Four hundred years ago, the James River was a reliable source of food for those who settled along its banks. Many creatures can be found above and below the water’s surface, including oysters, freshwater mussels, turtles, waterfowl, fish and. . .living dinosaurs!
The sturgeon –sometimes referred to as a living dinosaur—is an ancient species of fish that has been around for about 120 million years. Like some dinosaurs, their bodies are covered by thick bony plates called scutes. To date, the largest recorded Atlantic sturgeon was a whopping 14 feet long and 800 pounds. However, most adult sturgeon are only about 5-10 feet long and weigh a modest 65-200 pounds. Sturgeon typically live in the ocean, but during the months of April-June they return to the freshwater rivers where they were born to spawn. Young sturgeon may lurk in the river of their birth for up to six years before swimming out to sea.
While the English colonists saw many new and unfamiliar creatures in Virginia, sturgeon was a food source that they were already acquainted with. In A Map of Virginia (1612), John Smith wrote about the abundance of sturgeon that he observed in the tributaries of the Chesapeake Bay:
“In somer no place affordeth more plentie of Sturgeon, nor in winter more abundance of fowle, especially in the time of frost. There was once taken 52 Sturgeons at a draught, at another draught 68. From the later end of May till the end of June are taken few, but yong Sturgeons of 2 foot or a yard long. From thence till the midst of September, them of 2 or three yards long and fewe others. And in 4 or 5 houres with one nette were ordinarily taken 7 or 8: often more, seldome lesse.”
For the Virginia Company, the abundance of sturgeon in the New World meant one thing – profit. Efforts were made by the colonists to preserve sturgeon and ship it back to England, but their methods were unsuccessful. In 1610, the Virginia Company sent instructions to the colonists for preparing sturgeon for export:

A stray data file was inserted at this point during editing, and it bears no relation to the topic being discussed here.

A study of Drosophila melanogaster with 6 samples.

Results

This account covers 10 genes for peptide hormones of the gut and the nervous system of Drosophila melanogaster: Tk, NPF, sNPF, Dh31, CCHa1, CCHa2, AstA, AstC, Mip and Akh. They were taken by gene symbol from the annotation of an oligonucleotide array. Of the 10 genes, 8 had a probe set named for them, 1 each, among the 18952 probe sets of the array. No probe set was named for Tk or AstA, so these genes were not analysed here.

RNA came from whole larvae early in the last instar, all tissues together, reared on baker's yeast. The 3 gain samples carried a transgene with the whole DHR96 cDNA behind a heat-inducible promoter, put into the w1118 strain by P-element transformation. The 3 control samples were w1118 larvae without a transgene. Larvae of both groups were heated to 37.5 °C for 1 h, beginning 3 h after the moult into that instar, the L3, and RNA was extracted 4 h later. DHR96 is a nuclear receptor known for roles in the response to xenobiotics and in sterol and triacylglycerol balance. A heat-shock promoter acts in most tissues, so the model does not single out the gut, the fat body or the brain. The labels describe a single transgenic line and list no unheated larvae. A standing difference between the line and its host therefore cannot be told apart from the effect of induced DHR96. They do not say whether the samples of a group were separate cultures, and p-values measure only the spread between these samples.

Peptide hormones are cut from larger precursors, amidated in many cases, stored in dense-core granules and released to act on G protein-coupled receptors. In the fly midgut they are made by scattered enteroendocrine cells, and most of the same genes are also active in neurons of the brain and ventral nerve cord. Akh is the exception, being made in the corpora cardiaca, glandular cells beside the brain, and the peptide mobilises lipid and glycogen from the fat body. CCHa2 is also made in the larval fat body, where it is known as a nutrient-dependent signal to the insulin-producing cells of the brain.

“Sturgeon which was last sent came ill conditioned, not being well boiled. If it were cut in small pieces, and powd’red, put up in cask, the heads pickled by themselves, and sent hither, it would do better. Roes of the said sturgeon make caviary according to the instructions formerly given. Sounds [air bladders] of the said sturgeon will make isinglass, according to the same instructions. Isinglass* is worth here ₤6 13s 4d per 100 pounds, and caviary well conditioned is worth ₤40 per 100 pounds.”
*Isinglass is a gelatin-like substance that can be used to make glue or jellies, or to clarify beer.
Sturgeon remained such an important food source for the English colonists, that in 1611 Sir Thomas Dale enforced harsh punishments for fishermen or sturgeon-dressers (those who prepared the fish for consumption) who dared to cheat customers or colonial authorities out of the product that they were owed:
“…upon pain for the first time offending herein of losing his ears, and for the second time to be condemned a year to the galleys, and for the third time offending to be condemned to the galleys for three years.” (Lawes Divine, Morall, and Martiall)
Over the years, the population of Atlantic sturgeon in the Chesapeake Bay and its tributaries (including the James River) was drastically reduced due to overfishing and pollution. In 2012, Atlantic sturgeon in the Chesapeake Bay were officially declared endangered. However, recent efforts to protect this ancient fish have proved successful, and sturgeon are slowly making a comeback in our area. Be on the look-out for sturgeon in the James River next time you visit Henricus Historical Park!